February 8, 2024 — Cleveland — This morning, the city made history with the swearing-in ceremony for the Cleveland Commission on Black Women and Girls a critical initiative sponsored by Mayor Justin M. Bibb, Councilwoman Deborah A. Gray and Councilwoman Stephanie D. Howse-Jones.
“This Commission is creating an opportunity for Black women and girls to work in partnership with the City of Cleveland on the agenda that they believe is best,” said Councilwoman Howse-Jones, a co-sponsor of the ordinance that created this commission. “To get results, we must give the power to Black women. They know what is needed.”
The newly established Commission is dedicated to advocating, initiating, and championing programs and legislation aimed at enhancing outcomes for Black women and girls, as well as their families and communities.
"The only way to substantively and permanently improve the living conditions of Black women in our city is to center the voices and lived experiences of Black women," Mayor Bibb said. “I look forward to listening closely, engaging deeply, and collaborating with this commission of outstanding leaders to implement programs and policies that begin to close the success gaps that have plagued Black women in Cleveland for centuries too long."
The Bibb administration and Cleveland City Council oversaw the selection process to ensure a diverse representation of expertise and backgrounds. The Commission includes individuals from healthcare systems, faith communities, grassroots organizations, and other varying fields.
“The Commission members and I look forward to working with Black women and girls from across Cleveland to identify resources and solutions to the challenges they face on a daily basis,” said Kathryn Hall, chair of the new Commission. “This Commission will collaborate with those organizations who are doing this important work in Cleveland, convene dialogues for individuals to share their stories, and ultimately serve as a catalyst for change in our city.”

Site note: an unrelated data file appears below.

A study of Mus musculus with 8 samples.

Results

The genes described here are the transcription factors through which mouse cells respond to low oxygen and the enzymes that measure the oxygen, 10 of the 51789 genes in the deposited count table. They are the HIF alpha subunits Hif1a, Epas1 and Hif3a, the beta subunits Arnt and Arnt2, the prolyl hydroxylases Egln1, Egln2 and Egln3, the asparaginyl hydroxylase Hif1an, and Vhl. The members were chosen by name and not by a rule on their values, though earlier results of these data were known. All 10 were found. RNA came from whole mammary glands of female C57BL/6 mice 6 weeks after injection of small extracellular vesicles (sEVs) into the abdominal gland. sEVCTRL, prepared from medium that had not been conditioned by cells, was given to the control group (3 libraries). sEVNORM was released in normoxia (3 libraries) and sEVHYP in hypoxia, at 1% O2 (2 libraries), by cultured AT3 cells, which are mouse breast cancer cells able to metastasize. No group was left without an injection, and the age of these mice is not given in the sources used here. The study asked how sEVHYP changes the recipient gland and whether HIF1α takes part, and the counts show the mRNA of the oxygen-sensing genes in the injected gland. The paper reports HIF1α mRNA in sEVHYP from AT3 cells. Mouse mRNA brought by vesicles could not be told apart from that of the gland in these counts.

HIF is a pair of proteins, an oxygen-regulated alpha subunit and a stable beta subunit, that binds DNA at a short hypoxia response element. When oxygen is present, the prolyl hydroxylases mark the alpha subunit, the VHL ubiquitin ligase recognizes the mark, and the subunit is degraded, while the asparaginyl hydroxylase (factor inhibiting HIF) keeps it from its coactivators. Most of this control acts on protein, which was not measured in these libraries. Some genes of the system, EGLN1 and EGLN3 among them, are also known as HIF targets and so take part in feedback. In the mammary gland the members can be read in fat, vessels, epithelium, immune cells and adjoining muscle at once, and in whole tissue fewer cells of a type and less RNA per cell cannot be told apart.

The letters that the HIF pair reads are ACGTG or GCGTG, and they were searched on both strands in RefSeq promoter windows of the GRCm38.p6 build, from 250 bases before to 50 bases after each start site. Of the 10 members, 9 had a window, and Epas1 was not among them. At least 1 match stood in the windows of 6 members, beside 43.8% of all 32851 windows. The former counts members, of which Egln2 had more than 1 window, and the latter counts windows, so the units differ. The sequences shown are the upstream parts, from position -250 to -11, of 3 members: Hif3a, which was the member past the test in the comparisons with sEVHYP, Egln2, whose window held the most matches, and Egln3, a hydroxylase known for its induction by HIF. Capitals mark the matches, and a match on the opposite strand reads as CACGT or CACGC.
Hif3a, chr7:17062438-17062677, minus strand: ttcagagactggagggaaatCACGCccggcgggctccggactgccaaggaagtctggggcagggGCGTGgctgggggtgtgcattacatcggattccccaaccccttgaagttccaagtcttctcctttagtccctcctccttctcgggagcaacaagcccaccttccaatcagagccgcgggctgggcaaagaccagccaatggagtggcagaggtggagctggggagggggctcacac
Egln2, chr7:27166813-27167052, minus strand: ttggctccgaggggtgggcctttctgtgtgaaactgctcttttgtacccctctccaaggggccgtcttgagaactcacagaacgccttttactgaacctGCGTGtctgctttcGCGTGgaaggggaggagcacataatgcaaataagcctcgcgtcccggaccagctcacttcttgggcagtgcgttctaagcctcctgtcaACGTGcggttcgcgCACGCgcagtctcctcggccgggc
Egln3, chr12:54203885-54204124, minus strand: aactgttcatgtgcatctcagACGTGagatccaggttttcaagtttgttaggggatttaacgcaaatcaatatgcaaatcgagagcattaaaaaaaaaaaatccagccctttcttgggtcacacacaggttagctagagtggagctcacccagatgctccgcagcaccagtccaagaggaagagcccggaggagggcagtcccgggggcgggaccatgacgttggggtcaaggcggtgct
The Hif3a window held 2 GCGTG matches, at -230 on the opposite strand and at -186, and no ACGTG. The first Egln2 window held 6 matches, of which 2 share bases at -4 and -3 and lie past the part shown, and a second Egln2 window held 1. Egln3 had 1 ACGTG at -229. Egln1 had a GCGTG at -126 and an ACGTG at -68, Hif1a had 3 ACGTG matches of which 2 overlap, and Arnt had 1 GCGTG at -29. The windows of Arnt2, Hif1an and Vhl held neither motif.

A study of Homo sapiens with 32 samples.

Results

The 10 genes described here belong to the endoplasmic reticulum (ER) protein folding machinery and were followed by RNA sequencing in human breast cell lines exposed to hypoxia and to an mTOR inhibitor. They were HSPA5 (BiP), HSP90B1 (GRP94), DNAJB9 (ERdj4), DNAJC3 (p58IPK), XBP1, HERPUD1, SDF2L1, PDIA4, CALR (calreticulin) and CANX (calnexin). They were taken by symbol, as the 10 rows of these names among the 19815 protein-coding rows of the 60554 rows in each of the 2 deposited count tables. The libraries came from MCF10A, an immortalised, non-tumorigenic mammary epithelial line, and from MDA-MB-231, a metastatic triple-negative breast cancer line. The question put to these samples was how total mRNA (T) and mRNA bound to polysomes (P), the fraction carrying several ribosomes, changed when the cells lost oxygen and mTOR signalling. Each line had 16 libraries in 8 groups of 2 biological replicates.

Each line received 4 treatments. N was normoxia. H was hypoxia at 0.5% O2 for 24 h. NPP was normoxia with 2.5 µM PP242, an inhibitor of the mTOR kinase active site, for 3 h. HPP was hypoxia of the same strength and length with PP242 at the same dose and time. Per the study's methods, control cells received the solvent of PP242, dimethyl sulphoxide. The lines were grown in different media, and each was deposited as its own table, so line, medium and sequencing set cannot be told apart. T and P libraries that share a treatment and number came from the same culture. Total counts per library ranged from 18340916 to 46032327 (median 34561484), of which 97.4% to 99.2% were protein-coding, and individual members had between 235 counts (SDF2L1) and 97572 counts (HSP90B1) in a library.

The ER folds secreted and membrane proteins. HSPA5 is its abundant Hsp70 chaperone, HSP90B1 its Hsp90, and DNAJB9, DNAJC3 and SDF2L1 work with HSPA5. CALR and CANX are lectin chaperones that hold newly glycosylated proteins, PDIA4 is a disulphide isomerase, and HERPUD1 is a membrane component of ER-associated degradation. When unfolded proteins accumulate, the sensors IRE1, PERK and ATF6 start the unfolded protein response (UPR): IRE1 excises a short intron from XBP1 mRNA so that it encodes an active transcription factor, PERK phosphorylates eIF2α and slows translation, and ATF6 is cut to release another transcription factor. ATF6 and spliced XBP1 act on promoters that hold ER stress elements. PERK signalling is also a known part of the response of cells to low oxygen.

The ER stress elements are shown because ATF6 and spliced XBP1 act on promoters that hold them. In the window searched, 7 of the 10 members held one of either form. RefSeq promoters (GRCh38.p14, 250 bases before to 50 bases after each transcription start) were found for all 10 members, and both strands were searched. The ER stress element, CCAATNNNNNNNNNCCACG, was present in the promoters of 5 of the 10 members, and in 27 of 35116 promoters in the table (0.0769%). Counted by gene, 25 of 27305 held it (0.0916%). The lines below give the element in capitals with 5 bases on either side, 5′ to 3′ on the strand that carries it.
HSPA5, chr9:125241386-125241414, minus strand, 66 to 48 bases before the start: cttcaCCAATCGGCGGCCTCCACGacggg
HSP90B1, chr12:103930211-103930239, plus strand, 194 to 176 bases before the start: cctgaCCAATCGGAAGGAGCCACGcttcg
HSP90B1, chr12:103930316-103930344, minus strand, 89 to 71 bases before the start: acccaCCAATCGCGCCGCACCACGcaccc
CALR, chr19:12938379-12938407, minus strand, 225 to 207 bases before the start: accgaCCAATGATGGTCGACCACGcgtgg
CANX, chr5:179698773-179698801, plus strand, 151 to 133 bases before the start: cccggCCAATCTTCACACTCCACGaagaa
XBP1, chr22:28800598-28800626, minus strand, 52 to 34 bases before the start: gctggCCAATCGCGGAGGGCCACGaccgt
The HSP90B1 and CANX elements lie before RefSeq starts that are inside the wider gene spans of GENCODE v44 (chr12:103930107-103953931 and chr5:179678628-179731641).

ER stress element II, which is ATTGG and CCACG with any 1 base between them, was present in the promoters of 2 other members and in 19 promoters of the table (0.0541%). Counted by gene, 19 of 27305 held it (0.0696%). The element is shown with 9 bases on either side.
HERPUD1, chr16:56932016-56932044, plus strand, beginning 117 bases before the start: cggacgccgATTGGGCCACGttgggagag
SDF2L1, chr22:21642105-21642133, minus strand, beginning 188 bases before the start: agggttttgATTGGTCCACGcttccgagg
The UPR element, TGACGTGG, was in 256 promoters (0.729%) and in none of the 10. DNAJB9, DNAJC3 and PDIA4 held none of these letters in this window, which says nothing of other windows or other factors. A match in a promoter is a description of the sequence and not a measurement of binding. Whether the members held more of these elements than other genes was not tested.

The establishment of the Cleveland Commission on Black Women and Girls is an important step forward for the city. The recently appointed members will concentrate on tackling systemic inequalities and structural obstacles experienced by Black women and girls.
Inaugural Members of the Cleveland Commission on Black Women and Girls:
Kathryn M. Hall -- Vice President of Diversity and Inclusion, JACK Entertainment
Linda Bradley, MD -- Vice Chair, Women’s Health Institute, Cleveland Clinic
Eugenia Cash-Kirkland -- Social Support Services Director, City of Cleveland
Rev. Dr. Lisa Maxine Goods -- Senior Pastor, Shiloh Baptist Church
Taneisha Fair -- Associate, Racial Equity, The Center for Community Solutions
Stephanie Howse-Jones -- Member of Cleveland City Council (Ward 7)
Shameka Jones Taylor -- Chief Operating Officer, Saint Martin de Porres High School
Anastasia Sakairoun -- Student, Cleveland State University College of Law
Dameyonna Willis -- Founder and Executive Director, Queen IAM
Lita-Marie Wills -- Commissioner of Health Equity and Social Justice, City of Cleveland
*Once the Commission is up and running, two open 3-year terms and three open 2-year terms will be filled by the administration and City Council based on recommendations from current commissioners
“I am delighted to see this commission moving forward, especially during our observance of Black History Month,” said Councilwoman Gray. “These outstanding women are the leaders we need to fight for better outcomes for Black women in this city.”